India HangOut: Refugees In Europe - Where Do They Go?


But where will these refugees, who are fleeing their war-torn countries, go if Europe locks down its borders? BOOM editor-in-chief Govindraj Ethiraj discusses the Paris attack and the refugee crisis with Ambassador Neelam Deo and Saikat Datta on India HangOut.

Ambassador Neelam Deo says that the Indian government and Indian people have full, unqualified sympathy for the people of France knowing what it is to be attacked in such a way as Mumbai was seven years back. However, the call for a unified action has come every time after such a horrific incident and there have been unfortunately many in the recent path but the countries have not managed to achieve this. Indian cooperation will be useful in breaking down the Paris attack as Mumbai's 26/11 seems to be a template for the 13/11 attacks.

Author and Columnist Saikat Datta analyses that the Mumbai attacks should have acted as a warning to the rest of the world to the evolving strategies of terror organisations. The European Union countries have very good intelligence but are are extremely vulnerable due to the lack of borders. The initial investigation have shown that most of the attackers were french-speaking and were probably from France, hence rather than trying to prevent terror attacks which is an effort like looking for the proverbial needle in a haystack, the effort needs to be to mitigate it.

Ambassador Deo's take on the refugee situation: For the first time in recent decades, people are moving in such numbers. A large of number of them have simply set out to EU - knowing full well that they may not make it there alive. Germany has already taken and promised to take in close to a 1 million refugees this year. However, France has a big population from its colonised countries - from North Africa that have not been integrated into mainstream French society. There already exists a segment of population that is marginalised. France has also been present in Iraq and Syria, due to the Sykes-Picot agreement but it is involved in the bombings being carried out. So, it has come on the radar of terror organisations. But the recent attacks mean that France will be in the thick of action, people will keep streaming into Europe because Syria has become unlivable. A humanitarian crisis brewing in EU.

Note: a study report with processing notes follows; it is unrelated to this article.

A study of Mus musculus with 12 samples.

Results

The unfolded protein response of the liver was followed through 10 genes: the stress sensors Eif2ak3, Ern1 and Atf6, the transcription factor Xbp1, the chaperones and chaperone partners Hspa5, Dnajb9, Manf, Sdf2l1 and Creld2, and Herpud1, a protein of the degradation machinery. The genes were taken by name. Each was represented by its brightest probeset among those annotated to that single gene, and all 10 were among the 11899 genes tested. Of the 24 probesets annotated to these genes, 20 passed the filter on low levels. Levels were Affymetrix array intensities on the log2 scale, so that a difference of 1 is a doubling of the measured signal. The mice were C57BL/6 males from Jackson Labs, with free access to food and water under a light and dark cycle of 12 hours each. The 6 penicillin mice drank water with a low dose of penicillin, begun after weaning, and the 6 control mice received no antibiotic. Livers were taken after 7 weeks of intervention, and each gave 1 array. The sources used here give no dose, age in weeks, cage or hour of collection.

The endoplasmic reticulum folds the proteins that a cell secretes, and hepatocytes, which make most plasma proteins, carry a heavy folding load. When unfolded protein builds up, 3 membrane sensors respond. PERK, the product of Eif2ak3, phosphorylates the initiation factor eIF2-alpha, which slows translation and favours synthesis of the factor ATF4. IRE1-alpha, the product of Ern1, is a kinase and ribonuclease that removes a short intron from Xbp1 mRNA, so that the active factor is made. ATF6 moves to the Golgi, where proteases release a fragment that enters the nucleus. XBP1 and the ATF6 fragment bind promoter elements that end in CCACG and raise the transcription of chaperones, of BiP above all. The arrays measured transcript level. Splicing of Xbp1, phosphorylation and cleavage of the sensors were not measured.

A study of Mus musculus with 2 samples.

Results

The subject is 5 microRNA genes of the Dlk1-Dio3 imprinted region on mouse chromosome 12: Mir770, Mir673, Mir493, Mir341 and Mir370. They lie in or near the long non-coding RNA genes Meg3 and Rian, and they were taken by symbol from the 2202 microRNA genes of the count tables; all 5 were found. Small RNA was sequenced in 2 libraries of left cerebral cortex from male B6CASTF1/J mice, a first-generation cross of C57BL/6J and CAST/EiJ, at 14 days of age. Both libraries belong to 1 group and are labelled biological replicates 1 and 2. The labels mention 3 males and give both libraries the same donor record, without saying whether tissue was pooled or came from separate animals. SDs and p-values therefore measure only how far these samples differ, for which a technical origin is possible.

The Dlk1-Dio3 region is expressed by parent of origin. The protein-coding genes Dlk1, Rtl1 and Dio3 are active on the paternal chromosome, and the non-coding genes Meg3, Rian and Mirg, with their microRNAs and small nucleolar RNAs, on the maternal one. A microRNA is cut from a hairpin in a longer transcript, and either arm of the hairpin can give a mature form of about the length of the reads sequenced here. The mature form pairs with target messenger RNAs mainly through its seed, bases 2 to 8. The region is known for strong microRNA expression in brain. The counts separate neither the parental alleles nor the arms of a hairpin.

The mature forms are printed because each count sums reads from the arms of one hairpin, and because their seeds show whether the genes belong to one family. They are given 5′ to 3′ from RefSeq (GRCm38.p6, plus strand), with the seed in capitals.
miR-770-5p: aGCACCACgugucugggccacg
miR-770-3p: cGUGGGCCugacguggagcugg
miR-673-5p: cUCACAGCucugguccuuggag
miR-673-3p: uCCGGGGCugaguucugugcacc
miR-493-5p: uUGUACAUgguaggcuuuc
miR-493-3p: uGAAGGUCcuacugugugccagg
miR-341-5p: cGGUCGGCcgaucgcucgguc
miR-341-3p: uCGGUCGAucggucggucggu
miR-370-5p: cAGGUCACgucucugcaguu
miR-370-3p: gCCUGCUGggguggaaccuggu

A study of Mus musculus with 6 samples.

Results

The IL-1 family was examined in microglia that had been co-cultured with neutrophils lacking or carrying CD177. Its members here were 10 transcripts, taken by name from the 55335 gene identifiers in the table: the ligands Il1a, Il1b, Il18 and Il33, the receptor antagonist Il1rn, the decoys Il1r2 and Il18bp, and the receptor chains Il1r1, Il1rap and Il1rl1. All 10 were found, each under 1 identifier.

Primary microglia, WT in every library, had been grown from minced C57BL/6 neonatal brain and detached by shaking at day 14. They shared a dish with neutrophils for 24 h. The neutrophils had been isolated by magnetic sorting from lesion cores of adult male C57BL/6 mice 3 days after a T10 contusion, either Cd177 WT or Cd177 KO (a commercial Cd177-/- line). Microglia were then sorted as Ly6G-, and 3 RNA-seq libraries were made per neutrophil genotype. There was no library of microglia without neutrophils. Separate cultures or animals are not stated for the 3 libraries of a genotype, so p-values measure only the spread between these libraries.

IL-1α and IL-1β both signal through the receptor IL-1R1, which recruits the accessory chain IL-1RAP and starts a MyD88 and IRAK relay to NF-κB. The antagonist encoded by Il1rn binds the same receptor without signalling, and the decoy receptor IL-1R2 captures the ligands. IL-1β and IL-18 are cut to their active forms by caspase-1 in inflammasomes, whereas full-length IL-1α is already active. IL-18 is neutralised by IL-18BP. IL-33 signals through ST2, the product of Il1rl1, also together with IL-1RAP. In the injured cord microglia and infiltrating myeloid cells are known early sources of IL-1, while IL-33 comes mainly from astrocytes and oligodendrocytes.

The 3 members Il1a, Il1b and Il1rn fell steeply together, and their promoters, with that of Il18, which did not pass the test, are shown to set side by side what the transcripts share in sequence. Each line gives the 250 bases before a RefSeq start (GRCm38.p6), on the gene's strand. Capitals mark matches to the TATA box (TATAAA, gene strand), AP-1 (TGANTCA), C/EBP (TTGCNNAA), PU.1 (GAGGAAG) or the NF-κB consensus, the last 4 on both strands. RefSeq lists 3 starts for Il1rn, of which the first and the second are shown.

Saikat Datta says the marginalisation of non-native populations does not exist only in France. Belgium, which borders France has a city which is a den of refugees. Who are the refugees? They are people running away from similar terror attacks at home. So doors cannot be completely closed. But, the existing situation in the Af-Pak region can be a lesson for EU. The countries need to stop the ghetoisation and marginalisation of refugees. The effort needs to be to prevent radicalisation of youth.

Ambassador Deo underlined the need for a quick solution for Syria as the country has already suffered months of continous bombings. The US has been supplying arms on one side and Russians on the other. The situation is nothing but complete mayhem which is a breeding ground for radicalisation. India needs to push at the UN to tackle terrorism. Push for the good terror-bad terror differentiation to be dropped and be a consistent part of all this international effort.